Recently, Sarah Palin has added to her pit-bull-with-lipstick persona by embracing the mental image of a mama grizzly bear, trying to energize her sister conservatives into becoming activists, claiming the title of "feminist" for themselves.

And there are plenty who are crying foul.

Not surprisingly, traditional feminists -- those who fought the long (and still unfinished) fight for equal rights, an end to gender discrimination, and the right to make our own reproductive decisions -- claim that Palin can't be a feminist because she opposes abortion rights. Palin's new embrace (or her attempt to usurp, depending on your perspective) of that feminist label has again raised the question many have asked for a long time: What does it really mean to be a feminist?

For me, it means that I have the right to make decisions for myself, especially when it comes to my body -- just as men have had the right to do since, say, the dawn of time. The feminist movement was born from the idea that men, be they husbands or lawmakers, shouldn't have the right to determine the details of women's lives, especially how and when to have families. What Palin is calling "conservative feminism" is more narrowly drawn, calling on girls and women to embrace the idea that they can have children and be active outside the home as long as they rely only on their own bootstraps for their own success.

Sorry, Sarah, but while bootstraps are all well and good (and I've used mine plenty, thank you very much), there also needs to be a true support network among all women before any form of feminism wins the day.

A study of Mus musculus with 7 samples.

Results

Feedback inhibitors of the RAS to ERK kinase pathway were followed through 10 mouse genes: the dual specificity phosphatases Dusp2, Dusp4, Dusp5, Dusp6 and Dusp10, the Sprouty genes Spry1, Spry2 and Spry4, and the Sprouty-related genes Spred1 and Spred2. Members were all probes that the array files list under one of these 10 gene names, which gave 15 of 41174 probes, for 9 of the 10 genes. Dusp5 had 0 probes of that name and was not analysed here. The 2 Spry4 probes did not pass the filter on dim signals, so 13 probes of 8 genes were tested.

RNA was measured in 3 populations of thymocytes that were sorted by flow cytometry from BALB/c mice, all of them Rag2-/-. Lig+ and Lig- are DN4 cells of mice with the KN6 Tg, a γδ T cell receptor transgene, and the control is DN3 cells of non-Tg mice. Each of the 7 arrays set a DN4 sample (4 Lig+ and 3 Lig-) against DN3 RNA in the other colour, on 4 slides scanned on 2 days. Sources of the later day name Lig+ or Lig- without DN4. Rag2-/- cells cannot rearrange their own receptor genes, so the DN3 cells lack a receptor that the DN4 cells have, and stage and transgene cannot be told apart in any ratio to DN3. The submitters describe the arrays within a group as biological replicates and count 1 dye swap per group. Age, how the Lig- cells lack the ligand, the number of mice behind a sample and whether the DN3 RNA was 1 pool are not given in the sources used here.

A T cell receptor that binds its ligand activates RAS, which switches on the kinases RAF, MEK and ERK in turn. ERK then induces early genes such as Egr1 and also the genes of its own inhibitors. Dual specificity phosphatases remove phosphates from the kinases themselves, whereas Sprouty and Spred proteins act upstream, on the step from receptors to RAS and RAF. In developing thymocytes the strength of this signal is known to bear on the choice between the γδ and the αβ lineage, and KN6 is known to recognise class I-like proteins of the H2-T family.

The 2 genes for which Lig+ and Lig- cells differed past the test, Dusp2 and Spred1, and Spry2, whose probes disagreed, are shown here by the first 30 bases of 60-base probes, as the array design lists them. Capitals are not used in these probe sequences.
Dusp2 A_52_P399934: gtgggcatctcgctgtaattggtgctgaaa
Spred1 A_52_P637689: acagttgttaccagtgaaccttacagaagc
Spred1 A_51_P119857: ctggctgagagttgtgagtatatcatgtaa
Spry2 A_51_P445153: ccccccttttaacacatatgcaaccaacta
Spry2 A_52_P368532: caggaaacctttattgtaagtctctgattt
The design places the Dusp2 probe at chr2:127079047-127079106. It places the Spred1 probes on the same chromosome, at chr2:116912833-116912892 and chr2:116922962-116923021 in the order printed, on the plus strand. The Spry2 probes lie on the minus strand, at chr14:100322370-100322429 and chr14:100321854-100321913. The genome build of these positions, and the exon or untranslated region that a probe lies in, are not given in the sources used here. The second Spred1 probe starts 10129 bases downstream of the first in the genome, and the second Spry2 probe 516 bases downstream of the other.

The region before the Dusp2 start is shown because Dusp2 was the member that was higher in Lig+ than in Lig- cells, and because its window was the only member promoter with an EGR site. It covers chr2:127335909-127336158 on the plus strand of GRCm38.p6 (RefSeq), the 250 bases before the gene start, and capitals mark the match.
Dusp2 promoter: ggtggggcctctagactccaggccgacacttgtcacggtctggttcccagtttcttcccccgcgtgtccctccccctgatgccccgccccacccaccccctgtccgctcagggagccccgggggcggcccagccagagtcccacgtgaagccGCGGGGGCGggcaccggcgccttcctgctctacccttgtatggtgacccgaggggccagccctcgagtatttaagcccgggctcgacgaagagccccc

Interestingly, it's not just the Palin crowd that's been trying to redefine feminism. During the 2008 presidential election, many young women claimed they could be feminists without being obligated to vote for a woman candidate, forsaking Hillary Clinton in favor of a man (who, by the way, still has a long way to go to prove his own feminist bona fides). But I digress.

Here's the thing -- while Palin likes to tout that she didn't choose abortion for herself when she found out her then-unborn son Trig had Down syndrome, she considered it. She considered it because it was her choice -- a choice she doesn't want other women to have. She's proudly proclaimed that her daughter Bristol chose to keep her baby when faced with her unwed teen pregnancy. But she had a choice. And that's one of the unspoken underlying principles of feminism, isn't it -- having the right to choose, to have control over those decisions about our own bodies. The right to make all our own choices, just as men have always had.

Just as Palin and her daughter had.

So, if one is going to claim the feminist mantle, I have to conclude that you have to be willing to say that all women have the right to self-determination. It's about choices and we don't all have to make the same ones.

I don't have to be a mama grizzly to stand up for what I believe is right or to defend how I view the world as a feminist. But touch the things I believe are my daughter's birthright and I might have to channel my inner wolverine.

Joanne Bamberger also likes to hang around the blogosphere writing about politics at her place, PunditMom. She finally finished her manuscript about how women -- progressive, conservative, and in-between -- are revolutionizing the world of politics through social media!